A family dealing with the frightening side-effects of cancer treatment
Dear Diary, does the Easter bunny come to hospitals?
2017 National Ambassador Darcie is peeking out through the window of the playhouse in the Auckland Family Place, trying to surprise our photographer and giggling like crazy.
Darcie’s mum, Cheryl, sits nearby and comments that her cheeky personality is just one of the things she loves about her daughter. It’s also one of the things that changed dramatically during Darcie’s cancer treatment.
Darcie’s hair has started to grow back after her last round of chemo in July and the family are cautiously optimistic about the positive scans that came through shortly afterwards showing she is in remission.
Darcie spent six months in Christchurch Hospital away from her home in Dunedin following a diagnosis of Burkitt lymphoma in February 2016. Scans showed seven aggressive tumours invading the small three-year-old’s body. Overwhelmed with information, Cheryl and Steven, Darcie’s father, faced a raft of decisions that had to be made. The couple felt torn. On one hand they wanted to hurry up and start treatment, while on the other hand, they couldn't believe what they were consenting to.
“She was scared of anyone and everyone who entered the room; then also moody and irrational from the steroids. This scared both my husband and I so much in the beginning, wondering if we would see our little girl’s infectious personality again.”Darcie's Mum, Cheryl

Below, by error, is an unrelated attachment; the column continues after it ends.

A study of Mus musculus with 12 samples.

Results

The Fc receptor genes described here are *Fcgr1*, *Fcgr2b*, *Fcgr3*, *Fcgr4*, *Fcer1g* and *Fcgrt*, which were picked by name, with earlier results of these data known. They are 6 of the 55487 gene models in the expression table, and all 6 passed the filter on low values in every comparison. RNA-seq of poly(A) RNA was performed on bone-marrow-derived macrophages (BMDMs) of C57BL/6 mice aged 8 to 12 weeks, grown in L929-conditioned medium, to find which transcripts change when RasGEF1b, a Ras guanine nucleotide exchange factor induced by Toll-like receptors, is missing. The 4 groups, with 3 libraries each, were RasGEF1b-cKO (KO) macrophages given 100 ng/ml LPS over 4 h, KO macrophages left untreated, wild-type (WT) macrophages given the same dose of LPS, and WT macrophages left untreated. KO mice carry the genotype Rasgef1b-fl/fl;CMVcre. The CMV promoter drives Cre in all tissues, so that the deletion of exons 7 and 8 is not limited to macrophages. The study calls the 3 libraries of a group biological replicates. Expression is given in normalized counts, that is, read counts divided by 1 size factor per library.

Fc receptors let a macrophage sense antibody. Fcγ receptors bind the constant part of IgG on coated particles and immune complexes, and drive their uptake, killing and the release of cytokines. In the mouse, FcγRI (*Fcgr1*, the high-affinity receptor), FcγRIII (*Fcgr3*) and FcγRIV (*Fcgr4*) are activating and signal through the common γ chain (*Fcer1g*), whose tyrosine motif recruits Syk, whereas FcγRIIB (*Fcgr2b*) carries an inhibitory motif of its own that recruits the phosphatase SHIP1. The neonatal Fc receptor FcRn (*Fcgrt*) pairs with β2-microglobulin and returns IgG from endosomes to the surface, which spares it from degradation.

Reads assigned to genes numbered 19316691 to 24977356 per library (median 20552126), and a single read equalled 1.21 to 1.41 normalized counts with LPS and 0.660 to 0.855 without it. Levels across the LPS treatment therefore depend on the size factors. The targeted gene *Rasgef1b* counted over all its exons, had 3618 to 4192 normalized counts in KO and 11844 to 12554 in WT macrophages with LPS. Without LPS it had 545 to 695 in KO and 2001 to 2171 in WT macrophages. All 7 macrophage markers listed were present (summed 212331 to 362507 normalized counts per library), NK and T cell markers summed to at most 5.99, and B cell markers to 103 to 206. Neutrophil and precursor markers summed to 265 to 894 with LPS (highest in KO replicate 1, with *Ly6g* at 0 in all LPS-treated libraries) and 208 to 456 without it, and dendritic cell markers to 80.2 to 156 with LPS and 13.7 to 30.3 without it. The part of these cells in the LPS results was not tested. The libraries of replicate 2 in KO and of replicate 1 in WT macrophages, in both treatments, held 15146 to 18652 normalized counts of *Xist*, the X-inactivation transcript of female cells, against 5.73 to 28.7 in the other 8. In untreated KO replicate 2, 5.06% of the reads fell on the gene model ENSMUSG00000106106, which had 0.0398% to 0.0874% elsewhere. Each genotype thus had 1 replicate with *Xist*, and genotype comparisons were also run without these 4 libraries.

Cheryl says that Darcie's personality changed once the chemo started.
“She was scared of anyone and everyone who entered the room; then also moody and irrational from the steroids. This scared both my husband and I so much in the beginning, wondering if we would see our little girl’s infectious personality again.”
Visits from Darcie’s older brothers, 10-year-old Harry and 7-year-old Jessie, were the one thing guaranteed to bring a smile to Darcie’s face. “Her face would just light up the second they walked in the door,” says Cheryl. Harry and Jessie stayed at home in Dunedin during Darcie’s treatment, but travelled to Christchurch with Steven, who had started a new job, to visit their sister whenever possible.
Darcie tolerated the last two rounds of chemo better than the first four and Cheryl says that since then her personality has blossomed again.
Quality time together at the Child Cancer Foundation holiday home in Arrowtown over Christmas provided a chance for the family to reconnect and have fun together, although Cheryl says she feels reluctant to say life is back to normal.
“It was only this time last year that we were still in that none-the-wiser stage and soon our world was about to be pulled out from under our feet. It’s a weird time of the year at the moment, but Darcie has started doing full days at kindy, we are back in Dunedin and the next chapter has begun.”